Nearly a decade has passed since Safiya Noble googled “Black girls” and found the search results were mostly pornographic – a discovery that drove her to explore how algorithms can perpetuate discrimination and inequality.
Google went on to fix that search engine issue, but Noble said the problem is far from solved. Research this year found Google’s advertising platform linked the search phrases “Black girls,” “Latina girls,” and “Asian Girls” to adult content ads.
“The Black girl search is the thread on the sweater we are trying to unravel. It’s a way into a larger conversation about the future of knowledge,” said Noble, who spoke on a digital rights panel at the Thomson Reuters Foundation’s annual event, Trust Conference, being held online on Wednesday.
Noble, a leading technology scholar at the University of California, Los Angeles (UCLA), went on to coin the term “algorithms of oppression” and has written a book with the same name.
“Algorithms of oppression are everywhere,” she said. “I’m talking about computational software that might be embedded in large-scale platforms – or even household brands – that are used to disenfranchise, marginalize, and misrepresent.”
That Google’s search engine had been built to assume those looking for information about Black girls were interested in pornography “reinforced misrepresentations,” Noble said.
Cathy Edwards, vice president of engineering at Google Images, said that because the company’s systems “are organizing information from a constantly-changing web, our results can sometimes show negative stereotypes.”
But she added in emailed comments that Google was “committed to making diversity, equity, and inclusion part of everything we do — from how we build our products to how we build our workforce.”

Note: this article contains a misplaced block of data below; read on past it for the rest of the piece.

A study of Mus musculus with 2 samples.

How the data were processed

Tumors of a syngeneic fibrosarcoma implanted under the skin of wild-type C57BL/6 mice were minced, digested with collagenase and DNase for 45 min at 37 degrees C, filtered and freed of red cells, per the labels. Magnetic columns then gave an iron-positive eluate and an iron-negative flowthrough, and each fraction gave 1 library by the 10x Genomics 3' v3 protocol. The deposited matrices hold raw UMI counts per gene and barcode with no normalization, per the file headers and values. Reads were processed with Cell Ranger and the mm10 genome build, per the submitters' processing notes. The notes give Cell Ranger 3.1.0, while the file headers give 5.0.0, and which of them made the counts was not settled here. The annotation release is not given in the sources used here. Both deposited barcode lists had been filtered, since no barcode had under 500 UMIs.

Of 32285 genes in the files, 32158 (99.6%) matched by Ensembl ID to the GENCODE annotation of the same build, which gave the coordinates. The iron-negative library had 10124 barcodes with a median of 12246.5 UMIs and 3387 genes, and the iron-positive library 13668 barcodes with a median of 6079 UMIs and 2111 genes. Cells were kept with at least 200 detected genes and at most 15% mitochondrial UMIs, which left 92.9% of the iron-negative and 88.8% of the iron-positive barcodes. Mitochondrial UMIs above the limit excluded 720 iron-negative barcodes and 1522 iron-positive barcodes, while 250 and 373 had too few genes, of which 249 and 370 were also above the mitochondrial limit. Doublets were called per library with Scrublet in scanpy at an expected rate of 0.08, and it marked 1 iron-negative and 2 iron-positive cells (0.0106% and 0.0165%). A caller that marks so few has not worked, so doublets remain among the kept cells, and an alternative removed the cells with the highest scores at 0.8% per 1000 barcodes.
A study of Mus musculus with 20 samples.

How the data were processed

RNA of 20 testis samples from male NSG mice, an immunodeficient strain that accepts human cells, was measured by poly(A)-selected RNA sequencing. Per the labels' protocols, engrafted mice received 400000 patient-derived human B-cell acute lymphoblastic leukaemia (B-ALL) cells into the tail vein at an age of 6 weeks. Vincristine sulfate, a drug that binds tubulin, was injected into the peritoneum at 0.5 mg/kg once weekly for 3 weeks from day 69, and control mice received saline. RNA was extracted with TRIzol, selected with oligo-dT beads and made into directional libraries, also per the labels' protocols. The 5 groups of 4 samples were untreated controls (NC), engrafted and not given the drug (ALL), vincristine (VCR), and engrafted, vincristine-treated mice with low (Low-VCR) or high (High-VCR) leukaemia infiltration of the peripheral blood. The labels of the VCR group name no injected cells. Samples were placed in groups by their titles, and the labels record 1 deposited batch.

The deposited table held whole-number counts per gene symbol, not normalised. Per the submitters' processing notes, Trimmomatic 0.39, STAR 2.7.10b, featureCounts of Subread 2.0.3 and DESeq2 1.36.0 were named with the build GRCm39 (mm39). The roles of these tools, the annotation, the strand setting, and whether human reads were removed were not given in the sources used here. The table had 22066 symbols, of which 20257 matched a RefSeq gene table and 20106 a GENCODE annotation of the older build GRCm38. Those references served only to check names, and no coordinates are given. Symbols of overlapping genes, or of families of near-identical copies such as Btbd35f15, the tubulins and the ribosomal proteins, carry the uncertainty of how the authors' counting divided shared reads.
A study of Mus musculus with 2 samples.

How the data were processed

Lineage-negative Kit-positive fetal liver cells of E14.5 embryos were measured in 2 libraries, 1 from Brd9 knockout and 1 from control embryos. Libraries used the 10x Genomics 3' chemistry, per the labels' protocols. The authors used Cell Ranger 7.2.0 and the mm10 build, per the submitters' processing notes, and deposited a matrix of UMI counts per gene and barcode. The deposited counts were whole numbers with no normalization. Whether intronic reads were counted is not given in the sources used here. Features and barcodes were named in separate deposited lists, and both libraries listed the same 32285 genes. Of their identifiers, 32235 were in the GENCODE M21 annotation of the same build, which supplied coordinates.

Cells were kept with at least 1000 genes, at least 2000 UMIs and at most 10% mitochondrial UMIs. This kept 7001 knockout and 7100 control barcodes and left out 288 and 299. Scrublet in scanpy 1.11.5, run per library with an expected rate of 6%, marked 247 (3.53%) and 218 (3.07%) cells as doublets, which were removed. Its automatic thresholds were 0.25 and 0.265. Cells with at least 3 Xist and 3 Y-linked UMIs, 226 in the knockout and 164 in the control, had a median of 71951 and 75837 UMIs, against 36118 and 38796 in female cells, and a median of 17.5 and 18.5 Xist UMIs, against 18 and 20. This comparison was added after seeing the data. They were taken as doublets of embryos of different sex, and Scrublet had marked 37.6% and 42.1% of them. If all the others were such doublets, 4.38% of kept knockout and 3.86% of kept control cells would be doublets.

Beyond search engines, Noble said she was also concerned about algorithms used in a whole suite of technologies – from predictive policing software to facial recognition tools, or social media platforms that accelerate disinformation.
These technologies not only tend to single out minorities for unfair treatment, but also provide little recourse for them to seek redress.
“(These technologies) are particularly deployed towards vulnerable people oftentimes communities of color, poor people, and people who are the least empowered to resist,” she said.
Greater diversity in the technology industry would help, she said, but would not erase the harm technology can do to vulnerable groups.
“You can’t see the flaws in your system when you have a fairly homogeneous group of designers, who are designing for a diverse set of societies around the world, and communities,” she said.
“We know that every year Silicon Valley says it’s going to get more diverse. But there’s no improvement, even though for 10 years we’ve been gathering more evidence about the harms of their products.”
Noble applauds renewed public interest in scrutinizing and putting pressure on technology platforms, the so-called “techlash” that set in after the 2016 US election.
Technology scholars, researchers and journalists are making an increasing effort to track how Facebook facilitates the spread of disinformation and contributes to a polarized electorate, she said.
Noble belongs to the “Real Facebook Oversight Board”, a group of academics and activists established to question the social media network’s policies and content moderation decisions in the run-up to this month’s US election.
Facebook did not reply to a request for comment about the Board, but in September a spokesman said it was “mostly longtime critics creating a new channel for existing criticisms”.
Noble also welcomed potential government intervention to reduce the power of tech firms.
“When you have a monopoly advertising company controlling the information landscape you have a recipe for disaster,” she said. “Large tech companies prioritize their own profit at all costs.
“Who pays the price? We know it’s people who are less capitalized and minoritized, that’s just a fact.”